In 1969 Sister Cathy Cesnik, a 26 year old nun from Baltimore, went missing. Her body was found two months later but the murder has remained unsolved since. Now, nearly 5 decades later “The Keepers” looks into her short life and uncovers some hard truths about the clergy, abuse, cover ups and more. The seven-part series is available globally on May 19th when it will no doubt be compared countless times to “Making a Murderer”.
From director Ryan White (The Case Against 8, Good Ol’ Freda) comes The Keepers, a riveting seven-part documentary series about the unsolved murder of a Baltimore nun and the horrific secrets and pain that linger nearly five decades after her death.
The series opens with the story of Sister Cathy Cesnik, a beloved nun and Catholic high school teacher in Baltimore who went missing on Nov. 7, 1969. Nearly two months later, her body was found – and, to this day, her murder remains unsolved.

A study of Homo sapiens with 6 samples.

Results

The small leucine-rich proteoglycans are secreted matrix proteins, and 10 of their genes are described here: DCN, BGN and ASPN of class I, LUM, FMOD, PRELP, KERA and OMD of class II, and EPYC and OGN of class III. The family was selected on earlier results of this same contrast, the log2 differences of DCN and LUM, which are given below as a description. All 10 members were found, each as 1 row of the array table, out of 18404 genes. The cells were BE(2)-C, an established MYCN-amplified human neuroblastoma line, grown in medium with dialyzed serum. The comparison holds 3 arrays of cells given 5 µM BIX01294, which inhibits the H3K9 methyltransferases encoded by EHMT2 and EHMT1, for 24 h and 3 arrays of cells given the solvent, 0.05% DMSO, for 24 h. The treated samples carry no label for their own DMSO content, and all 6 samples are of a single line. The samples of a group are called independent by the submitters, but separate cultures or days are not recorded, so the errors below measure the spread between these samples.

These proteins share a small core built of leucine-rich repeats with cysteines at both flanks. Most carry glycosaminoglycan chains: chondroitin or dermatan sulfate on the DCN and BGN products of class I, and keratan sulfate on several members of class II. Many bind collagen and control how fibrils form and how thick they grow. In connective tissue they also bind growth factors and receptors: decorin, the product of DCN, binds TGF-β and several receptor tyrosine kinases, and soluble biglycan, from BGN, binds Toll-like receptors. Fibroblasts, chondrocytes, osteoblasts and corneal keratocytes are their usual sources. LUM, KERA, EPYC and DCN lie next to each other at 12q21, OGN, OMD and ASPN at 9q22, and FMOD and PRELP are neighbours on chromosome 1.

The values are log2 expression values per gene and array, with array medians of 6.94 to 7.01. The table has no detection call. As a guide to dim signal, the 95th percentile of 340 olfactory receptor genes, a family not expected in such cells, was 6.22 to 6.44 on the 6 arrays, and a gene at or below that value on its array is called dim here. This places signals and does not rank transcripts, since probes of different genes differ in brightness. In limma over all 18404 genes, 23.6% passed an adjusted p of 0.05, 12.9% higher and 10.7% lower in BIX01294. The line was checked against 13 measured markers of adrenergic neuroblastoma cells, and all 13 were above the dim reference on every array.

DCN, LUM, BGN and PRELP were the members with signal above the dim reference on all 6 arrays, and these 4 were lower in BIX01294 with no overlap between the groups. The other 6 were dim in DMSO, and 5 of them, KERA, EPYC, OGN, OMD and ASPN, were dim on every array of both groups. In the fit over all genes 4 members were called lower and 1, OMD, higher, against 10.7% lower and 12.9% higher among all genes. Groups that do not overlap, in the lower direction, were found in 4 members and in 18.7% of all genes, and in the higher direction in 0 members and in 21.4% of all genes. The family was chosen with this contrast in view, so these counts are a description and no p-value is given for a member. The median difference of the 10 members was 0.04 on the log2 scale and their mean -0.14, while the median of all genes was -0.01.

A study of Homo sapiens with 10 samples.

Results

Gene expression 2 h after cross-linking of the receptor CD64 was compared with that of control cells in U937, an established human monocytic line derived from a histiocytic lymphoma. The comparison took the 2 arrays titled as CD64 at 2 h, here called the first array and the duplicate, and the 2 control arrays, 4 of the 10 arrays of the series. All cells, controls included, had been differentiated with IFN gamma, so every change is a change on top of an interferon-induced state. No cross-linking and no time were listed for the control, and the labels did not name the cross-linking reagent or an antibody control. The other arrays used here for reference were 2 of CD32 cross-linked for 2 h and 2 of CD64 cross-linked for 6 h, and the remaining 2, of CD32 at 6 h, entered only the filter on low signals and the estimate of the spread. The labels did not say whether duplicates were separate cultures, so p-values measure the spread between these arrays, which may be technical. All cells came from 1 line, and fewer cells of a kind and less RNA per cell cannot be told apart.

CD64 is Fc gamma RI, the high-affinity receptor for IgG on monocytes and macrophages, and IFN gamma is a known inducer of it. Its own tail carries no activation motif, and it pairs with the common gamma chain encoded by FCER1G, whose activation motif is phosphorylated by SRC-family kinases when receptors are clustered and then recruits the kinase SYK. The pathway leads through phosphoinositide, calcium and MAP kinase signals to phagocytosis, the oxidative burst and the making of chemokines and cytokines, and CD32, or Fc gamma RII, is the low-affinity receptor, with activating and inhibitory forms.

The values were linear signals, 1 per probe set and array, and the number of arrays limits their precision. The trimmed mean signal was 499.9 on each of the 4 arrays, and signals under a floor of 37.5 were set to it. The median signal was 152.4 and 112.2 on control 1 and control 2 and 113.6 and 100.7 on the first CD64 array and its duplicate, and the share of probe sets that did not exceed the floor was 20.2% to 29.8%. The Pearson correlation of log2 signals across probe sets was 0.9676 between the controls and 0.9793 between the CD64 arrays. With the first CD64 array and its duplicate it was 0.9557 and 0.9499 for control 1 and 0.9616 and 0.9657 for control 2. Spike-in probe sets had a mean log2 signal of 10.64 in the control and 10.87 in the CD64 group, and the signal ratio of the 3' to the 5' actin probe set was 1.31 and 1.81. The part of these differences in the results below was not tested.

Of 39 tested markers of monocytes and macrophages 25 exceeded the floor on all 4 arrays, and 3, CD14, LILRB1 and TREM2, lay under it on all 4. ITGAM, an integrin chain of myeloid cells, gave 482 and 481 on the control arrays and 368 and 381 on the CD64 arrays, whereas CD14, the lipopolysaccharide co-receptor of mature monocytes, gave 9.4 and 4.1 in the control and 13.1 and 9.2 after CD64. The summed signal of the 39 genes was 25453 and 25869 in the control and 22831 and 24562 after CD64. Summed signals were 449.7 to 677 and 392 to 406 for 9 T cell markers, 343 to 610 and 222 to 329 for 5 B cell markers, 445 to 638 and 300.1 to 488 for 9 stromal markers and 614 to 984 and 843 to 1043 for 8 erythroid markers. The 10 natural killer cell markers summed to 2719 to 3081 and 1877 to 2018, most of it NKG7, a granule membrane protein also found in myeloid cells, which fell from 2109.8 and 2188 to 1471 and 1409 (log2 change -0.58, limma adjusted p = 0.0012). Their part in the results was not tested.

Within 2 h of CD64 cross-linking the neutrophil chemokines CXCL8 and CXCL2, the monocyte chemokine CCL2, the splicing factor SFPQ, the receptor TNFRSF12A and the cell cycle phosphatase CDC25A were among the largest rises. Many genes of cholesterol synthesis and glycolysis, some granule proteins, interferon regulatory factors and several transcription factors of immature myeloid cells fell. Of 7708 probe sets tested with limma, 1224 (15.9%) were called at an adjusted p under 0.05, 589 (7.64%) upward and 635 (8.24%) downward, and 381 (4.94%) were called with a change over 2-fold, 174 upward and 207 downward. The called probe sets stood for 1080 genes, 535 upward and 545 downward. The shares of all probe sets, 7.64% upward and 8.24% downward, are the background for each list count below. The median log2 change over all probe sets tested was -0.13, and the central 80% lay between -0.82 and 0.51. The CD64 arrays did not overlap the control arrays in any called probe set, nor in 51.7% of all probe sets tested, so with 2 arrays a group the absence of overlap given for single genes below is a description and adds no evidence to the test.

The case returned to the spotlight in the 1990s when one of Sister Cathy’s former students – a woman only known as “Jane Doe” – came forward to share her experience of horrendous sexual abuse by the high school’s chaplain. Incredibly, “Jane Doe” revealed she was also taken to Sister Cathy’s undiscovered body and told, “See what happens when you say bad things about people.” Despite this and testimony from other victims and witnesses of abuse, no one was held accountable, and the story was largely unreported outside of Baltimore.
Through conversations with dozens of friends, relatives, journalists, government officials and Baltimore citizens determined to uncover the truth, White pieces together a story that goes beyond the death of a beloved Catholic schoolteacher to encompass clergy abuse, repressed memories and government and religious institutions that he says “at best, dropped the ball over the last 45 years – and, at worst, covered it up.”